Thyroid For Dummies

Hyperthyroid eye disease has a very negative impact on quality of life, even when it's moderate, which is usually the case. Severe eye disease occurs less than 5 percent of the time, but treatment works in only two-thirds of patients. The eye disease goes through three phases:

  • First phase: High activity with redness of the eye, pain, tearing, and sensitivity to light.
  • Second phase: Stabilization of the signs and symptoms.
  • Final phase: Improvement of the eye disease, which becomes inactive.

The duration of these phases varies, but the eye disease burns out within a couple of years. Steroids are helpful during the first active phase.

Steroids given intravenously are more effective than steroids by mouth for thyroid eye disease. Steroids can be injected right into the muscles around the eye and are effective there. Doctors give IV steroids in very high amounts, which can cause liver damage. IV steroids are effective about 90 percent of the time, while liver damage occurs only 1 percent of the time.

If steroids aren't successful, then doctors perform orbital radiation therapy. This therapy is successful about 60 percent of the time. Using both steroids and orbital radiation at the same time is even better than either alone.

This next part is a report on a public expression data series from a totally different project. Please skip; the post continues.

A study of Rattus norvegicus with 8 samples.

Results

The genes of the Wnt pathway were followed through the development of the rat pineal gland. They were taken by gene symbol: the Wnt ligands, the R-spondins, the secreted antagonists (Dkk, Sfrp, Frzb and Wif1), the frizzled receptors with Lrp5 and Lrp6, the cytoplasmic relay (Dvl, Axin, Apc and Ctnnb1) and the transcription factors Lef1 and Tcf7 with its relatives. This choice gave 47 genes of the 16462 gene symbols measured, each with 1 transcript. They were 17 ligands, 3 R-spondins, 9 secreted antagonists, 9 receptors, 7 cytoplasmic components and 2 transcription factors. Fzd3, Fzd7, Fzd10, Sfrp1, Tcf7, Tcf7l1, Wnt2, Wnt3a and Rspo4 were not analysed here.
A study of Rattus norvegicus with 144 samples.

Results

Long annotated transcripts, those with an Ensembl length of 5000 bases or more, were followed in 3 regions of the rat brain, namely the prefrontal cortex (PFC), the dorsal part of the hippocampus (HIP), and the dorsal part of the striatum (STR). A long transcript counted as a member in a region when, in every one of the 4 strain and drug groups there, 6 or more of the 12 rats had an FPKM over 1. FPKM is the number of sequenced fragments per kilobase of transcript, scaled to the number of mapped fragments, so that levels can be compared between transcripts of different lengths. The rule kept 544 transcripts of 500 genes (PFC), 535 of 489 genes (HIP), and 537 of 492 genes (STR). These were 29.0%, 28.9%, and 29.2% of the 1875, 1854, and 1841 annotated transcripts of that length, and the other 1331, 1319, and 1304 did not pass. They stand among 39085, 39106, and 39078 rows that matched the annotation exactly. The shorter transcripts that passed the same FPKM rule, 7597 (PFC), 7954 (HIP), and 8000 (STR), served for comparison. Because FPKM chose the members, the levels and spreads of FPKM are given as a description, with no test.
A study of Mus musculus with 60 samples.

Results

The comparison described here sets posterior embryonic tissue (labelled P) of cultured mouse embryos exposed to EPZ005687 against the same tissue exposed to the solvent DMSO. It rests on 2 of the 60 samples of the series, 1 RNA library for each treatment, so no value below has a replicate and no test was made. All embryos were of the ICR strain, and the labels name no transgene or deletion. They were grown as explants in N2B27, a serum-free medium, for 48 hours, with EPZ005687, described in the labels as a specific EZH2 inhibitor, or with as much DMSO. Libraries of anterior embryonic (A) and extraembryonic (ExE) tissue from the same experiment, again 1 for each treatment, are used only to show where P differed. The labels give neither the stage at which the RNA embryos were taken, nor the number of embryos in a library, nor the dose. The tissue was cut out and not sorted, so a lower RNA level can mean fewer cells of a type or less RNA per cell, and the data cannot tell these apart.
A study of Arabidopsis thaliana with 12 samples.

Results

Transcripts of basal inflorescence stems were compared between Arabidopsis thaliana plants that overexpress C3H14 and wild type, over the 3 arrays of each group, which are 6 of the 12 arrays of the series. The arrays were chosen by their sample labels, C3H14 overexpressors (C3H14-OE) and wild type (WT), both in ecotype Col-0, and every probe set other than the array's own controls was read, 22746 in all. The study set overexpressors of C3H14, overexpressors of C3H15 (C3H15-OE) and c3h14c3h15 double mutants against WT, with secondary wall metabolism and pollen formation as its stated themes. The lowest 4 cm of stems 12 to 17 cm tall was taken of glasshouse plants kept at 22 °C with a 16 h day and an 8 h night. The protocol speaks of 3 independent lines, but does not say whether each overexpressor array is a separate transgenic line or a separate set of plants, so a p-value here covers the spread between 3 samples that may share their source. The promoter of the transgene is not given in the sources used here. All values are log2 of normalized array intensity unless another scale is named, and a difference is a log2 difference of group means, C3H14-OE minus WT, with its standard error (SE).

Recent studies of other therapies, including drugs called somatostatin analogs and antioxidants, haven't shown that these therapies are effective. Antioxidants may be useful for mild eye disease but not moderate or severe forms.

Three factors are definitely important in the progression of hyperthyroid eye disease, and should be managed as strongly as possible:

  • Cigarette smoking: Cigarette smoking not only promotes the development of eye disease but blocks the effectiveness of steroid and orbital–radiation therapy treatments. Quitting smoking is probably the most important preventive measure in this disease.
  • Active thyroid dysfunction: Active thyroid dysfunction, whether hyperthyroidism or hypothyroidism, promotes the progression of eye disease. Both conditions need to be corrected as soon as possible.
  • Radiation therapy: This hyperthyroidism treatment causes progression of the eye disease as well. A course of steroids can prevent this progression.

About This Article


Alan L. Rubin, MD, has had a private practice specializing in thyroid disorders and diabetes for nearly three decades. A member of the Endocrine Society, he speaks regularly on thyroid health.